December 12th, 2015


Favorite Books of the Yearr


Diaz, The Brief Wonderous Life of Oscar Wao

(A funny, ingenious, heartbreaking book about a Dominican SF nerd in New Jersey. Wonderfully written.)

Ishiguro, The Remains of the Day
(Finally got around to reading this one. Understatement used like a hammer on the soul.)

Korelitz, You Should Have Known

(A woman’s husband is accused of murder. She deals with the fallout. This one’s a different kind of detective story / thriller, because the focus is less on the psychopath than on the psychology of the people manipulated by them)

Malllerman, Birdbox

If you’re looking for a suspenseful, creepy-as-hell horror novel, pick up this one.  A survivor of the apocalypse tries to protect two children from monsters (?) that drive you mad if you see them. Easy. right? Just wear a blindfold every time you go outside… into a world of monsters and murderous lunatics. Bloody. Hell.

Marshall, Gifts for the Ones Who Come After

A great, eclectic collection of creepy and odd stories from this year’s winner of the Shirley Jackson award.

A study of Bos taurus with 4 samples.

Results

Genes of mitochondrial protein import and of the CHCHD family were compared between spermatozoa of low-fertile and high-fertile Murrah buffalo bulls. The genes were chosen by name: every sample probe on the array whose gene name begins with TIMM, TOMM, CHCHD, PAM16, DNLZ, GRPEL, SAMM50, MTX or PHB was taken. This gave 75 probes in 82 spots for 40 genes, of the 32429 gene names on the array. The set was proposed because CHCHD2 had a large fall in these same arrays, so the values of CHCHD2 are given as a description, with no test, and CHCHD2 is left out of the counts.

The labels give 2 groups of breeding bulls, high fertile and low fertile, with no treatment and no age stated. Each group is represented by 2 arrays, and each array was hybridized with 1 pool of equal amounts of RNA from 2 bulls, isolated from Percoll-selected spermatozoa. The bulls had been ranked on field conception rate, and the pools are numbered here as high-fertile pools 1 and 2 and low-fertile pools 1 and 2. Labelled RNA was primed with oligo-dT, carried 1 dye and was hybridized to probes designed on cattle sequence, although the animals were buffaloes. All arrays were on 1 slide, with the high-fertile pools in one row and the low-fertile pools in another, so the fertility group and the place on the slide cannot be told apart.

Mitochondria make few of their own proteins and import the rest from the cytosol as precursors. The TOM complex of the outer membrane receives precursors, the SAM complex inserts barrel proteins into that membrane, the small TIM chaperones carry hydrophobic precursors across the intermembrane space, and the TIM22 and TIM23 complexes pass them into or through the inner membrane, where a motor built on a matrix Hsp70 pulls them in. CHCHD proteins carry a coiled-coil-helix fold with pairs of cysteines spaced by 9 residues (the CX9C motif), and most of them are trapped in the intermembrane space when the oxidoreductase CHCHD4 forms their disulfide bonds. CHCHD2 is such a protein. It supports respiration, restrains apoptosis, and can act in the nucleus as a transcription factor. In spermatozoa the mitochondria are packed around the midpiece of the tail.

Timothy Egan, The Worst Hard Time

Egan’s unflinching look at the American Dustbowl. The analogy to climate change is there, but never heavy-handed.

Price, The Pixar Touch

Not your usual success story. First, this book eviscerates the Steve Jobs myth. Instead, it looks at the would-be artists who parlayed their tech jobs into movie-making. It provides an entertaining narrative about the failures, obstacles, hardships, and sheer perseverance that accompany any dream of artistic success in the States.

Fischer, A Kim-Jong Il Production

Did you know Kim-Jong-Il was an enormous film buff who kidnapped his favorite director and actress to force them to make movies for him? Did you know that the director and actress were bitter exes who fell back in love while trying to escape their North Korean movie-making prison?  This true story reads like a black political comedy / Hollywood satire with a surprisingly romantic heart.

Leovy, Ghettoside

A Serial-like analysis of a single murder case that becomes a compelling analysis of the relationship between poor black communities, the police, and the justice system. It’s a page-turner and an important read.

Macdonald, H is for Hawk

A woman starts training a goshawk following death of her father. The history of hawking, the repressed homosexuality of “Sword and the Stone” author T.H. White, and astute nature watching somehow combine to make a brilliant, beautiful book.